Cashing someone else's savings bonds can be a tricky situation so going to your bank for guidance should be your first step.
My father had savings bonds; he passed away. Everything went to my mom, but we did not change the savings bonds into her name. My mom passed away and I am the executor of the will. How do I get the savings bonds cashed?
Generally savings bonds have a beneficiary named but it is not mandatory and a deceased bonds would then go to their estate. Did your father also have a will and was your mother the sole heir of his estate? Do you plan to put the money from the bonds into your mother's estate? Are there other family members who may contest your right to these bonds?
Legal matters like this can be daunting but a good bank officer should be able to help you with this matter. You will need to take the bonds, death certificates, any legal papers you have pertaining to your mother and any wills that found. You can go to your parent's bank or to any bank, as this is a pretty common matter to them.
The bank officer can usually advise you of your legal rights, but, in any case, they will probably have the forms you need and someone to certify them for you.
The Treasury Dept. site may be a little daunting but I have another site that may be easier to read:
If my grandmother purchased bonds and they are in her name and my nephew and nieces names, but then my grandmother passes away and has left them in my possession. I am the executor of her estate, etc. Am I able to cash those bonds?
From what I understand, the person whose name is on the bond cashes it.
In my experience they can only be cashed by the owner. If she had another person's name on them, he/she is now the owner, based on her passing.
An executor usually takes care of items that are in the deceased's name and legally belonged to the deceased.
Some executor's duties and responsibilities may differ in different states so you should have something from your state explaining what you can and cannot do. This information should be obtainable from your courthouse.
The attorney that set up the will and executor's name for your grandmother should also be able to help you understand what you can and cannot do. Probably, the most important thing is to keep very accurate records of everything you do with your grandmother's money and possessions as this can be called in by the state at anytime and especially if a family member questions what is being done by the executor.
As for the bonds your grandmother purchased and there is no mention of their distribution in her will (like 50% goes to a niece and so forth) it will be necessary for everyone named to be present (or their legal representative) for a bank to cash these bonds. Since you are the legal representative for your deceased grandmother you would need to be present and the money should be equally divided between all named on bonds. Your grandmother's share would be placed in her estate and legally handled by the executor for paying her past/present obligations.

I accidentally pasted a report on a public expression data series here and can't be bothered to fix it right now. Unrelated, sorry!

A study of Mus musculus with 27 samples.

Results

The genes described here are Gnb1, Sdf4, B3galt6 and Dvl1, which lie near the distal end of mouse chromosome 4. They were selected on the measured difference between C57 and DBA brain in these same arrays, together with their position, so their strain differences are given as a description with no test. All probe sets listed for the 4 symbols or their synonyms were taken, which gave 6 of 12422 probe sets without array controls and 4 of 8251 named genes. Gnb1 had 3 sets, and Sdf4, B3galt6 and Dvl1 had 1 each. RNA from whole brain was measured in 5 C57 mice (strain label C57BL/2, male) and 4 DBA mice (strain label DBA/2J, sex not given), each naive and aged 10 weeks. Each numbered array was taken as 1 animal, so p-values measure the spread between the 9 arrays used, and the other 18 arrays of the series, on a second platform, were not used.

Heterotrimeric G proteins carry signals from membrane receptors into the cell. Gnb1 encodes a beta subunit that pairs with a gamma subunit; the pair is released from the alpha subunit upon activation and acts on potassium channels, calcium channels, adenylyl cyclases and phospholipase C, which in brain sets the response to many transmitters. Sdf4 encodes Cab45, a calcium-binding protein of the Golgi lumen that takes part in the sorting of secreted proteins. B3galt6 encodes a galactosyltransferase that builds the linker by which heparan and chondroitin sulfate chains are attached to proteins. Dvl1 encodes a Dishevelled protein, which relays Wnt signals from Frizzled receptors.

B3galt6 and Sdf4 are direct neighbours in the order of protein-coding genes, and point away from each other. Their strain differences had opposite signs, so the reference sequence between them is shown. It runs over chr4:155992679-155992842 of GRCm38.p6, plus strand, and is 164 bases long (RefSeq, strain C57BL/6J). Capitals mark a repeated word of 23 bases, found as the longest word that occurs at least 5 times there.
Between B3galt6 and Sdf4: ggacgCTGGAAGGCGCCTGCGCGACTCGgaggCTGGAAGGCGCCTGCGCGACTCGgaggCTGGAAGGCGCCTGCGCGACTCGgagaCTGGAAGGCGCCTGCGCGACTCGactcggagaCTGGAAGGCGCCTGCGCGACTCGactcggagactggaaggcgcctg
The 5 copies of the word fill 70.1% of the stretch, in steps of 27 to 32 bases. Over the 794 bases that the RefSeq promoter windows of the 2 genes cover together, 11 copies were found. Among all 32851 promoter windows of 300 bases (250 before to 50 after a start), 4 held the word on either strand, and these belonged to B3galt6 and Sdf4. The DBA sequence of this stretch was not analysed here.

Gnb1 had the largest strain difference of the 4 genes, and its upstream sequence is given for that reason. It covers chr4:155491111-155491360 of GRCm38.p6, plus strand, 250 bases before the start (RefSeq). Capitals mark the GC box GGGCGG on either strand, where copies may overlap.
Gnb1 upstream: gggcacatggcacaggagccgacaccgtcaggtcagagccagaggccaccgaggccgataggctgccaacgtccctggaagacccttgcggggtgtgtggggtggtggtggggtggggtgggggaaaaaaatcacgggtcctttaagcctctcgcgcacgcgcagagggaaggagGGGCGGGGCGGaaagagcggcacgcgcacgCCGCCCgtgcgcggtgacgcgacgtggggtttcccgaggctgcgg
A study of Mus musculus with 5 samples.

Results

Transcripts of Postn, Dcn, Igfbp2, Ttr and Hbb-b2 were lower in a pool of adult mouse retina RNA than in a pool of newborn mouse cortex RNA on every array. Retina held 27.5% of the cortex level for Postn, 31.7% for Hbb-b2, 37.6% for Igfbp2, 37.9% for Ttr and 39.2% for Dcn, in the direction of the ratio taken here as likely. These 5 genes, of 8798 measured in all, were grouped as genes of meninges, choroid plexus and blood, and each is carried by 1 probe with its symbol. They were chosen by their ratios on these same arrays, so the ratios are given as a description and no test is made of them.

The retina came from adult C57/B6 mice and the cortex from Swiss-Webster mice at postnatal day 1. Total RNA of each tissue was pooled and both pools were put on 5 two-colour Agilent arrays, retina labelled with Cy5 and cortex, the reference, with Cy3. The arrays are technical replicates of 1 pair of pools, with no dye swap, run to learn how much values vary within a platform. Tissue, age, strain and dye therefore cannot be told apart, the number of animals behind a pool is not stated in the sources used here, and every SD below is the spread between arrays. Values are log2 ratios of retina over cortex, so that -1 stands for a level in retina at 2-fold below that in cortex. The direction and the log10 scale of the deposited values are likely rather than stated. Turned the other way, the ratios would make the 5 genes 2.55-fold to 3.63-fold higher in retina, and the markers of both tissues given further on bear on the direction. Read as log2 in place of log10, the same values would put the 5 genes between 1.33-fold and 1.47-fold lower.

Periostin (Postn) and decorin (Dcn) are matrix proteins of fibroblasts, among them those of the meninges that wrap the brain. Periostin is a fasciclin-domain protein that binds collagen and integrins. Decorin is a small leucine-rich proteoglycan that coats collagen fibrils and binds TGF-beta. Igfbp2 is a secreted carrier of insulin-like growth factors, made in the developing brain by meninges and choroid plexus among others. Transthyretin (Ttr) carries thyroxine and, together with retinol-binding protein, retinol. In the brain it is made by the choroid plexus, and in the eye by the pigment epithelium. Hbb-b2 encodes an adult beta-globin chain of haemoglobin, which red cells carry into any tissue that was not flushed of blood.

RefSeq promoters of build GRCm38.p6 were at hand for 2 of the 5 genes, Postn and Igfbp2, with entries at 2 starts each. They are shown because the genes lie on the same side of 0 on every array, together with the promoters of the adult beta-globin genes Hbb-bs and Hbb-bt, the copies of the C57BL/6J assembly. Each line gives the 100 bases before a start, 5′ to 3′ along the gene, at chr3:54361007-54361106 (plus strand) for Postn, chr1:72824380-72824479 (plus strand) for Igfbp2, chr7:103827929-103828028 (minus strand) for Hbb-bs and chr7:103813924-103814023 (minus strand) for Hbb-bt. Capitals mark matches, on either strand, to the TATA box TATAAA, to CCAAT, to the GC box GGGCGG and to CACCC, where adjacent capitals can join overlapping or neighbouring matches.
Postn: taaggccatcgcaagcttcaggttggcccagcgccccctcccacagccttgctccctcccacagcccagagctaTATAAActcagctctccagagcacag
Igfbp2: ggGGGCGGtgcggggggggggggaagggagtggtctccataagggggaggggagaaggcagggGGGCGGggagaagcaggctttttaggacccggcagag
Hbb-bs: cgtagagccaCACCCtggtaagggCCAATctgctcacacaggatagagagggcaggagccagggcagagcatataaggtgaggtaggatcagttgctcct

Since these are government bonds you can discuss the payment with a postmaster but I believe they will direct you to a bank for payment. The bank takes care of making sure the money is going to named persons (they will probably need 2 forms of identification) and forwards 'paid' bonds to the appropriate government agency.
You can always talk to someone with the post office and also to an officer within your grandmother's bank.
Being an executor is a legal responsibility and is usually overseen by the court so be sure to check out exactly what this position legally entails so you will know when you might be overstepping the legal boundaries.
Be sure you have a legal representative that you can consult anytime you have questions.
The bonds should be cashed by the person or persons whose name is on them.This should not be done if your name is not on the bonds. The nephew and nieces could file suite!
I agree but as it happens the grandmother's name is also on the bonds and the executor is the legal representative of her estate and in that instance she would be acting the same as if the grandmother was present.
I believe the bank will divide the proceeds equally among the nieces and nephews and the executor of the estate who is representing the deceased grandmother.
I worked in USPS management for over 26 years and had many dealings with postal services and government bonds was one of those areas.
I have never dealt with a case exactly like this but I handled cases where an executor was present and represented the deceased.
Now it is possible that I could have a misunderstanding of this complete scenario and nothing I have said could be correct.
I just hope all concerned will have a friendly get together and make a trip to the bank to find out exactly what will happen.
That will be the answer to this question.
Where do I call to order the FS form 5336 needed to cash the savings bonds owned by a deceased person?
There is no need to call and go pick up this form. It is available online in a PDF file and you can download it from the Treasury office. Here is the link to the form.
Use this form:
Or call this number for help:
Here is the link to the forms www.treasurydirect.gov/
The best way to redeem savings bonds is at your bank/financial institution.
Here are a couple of links that give very good instructions on how to cash these bonds as well as dealing with who may be a legal recipient.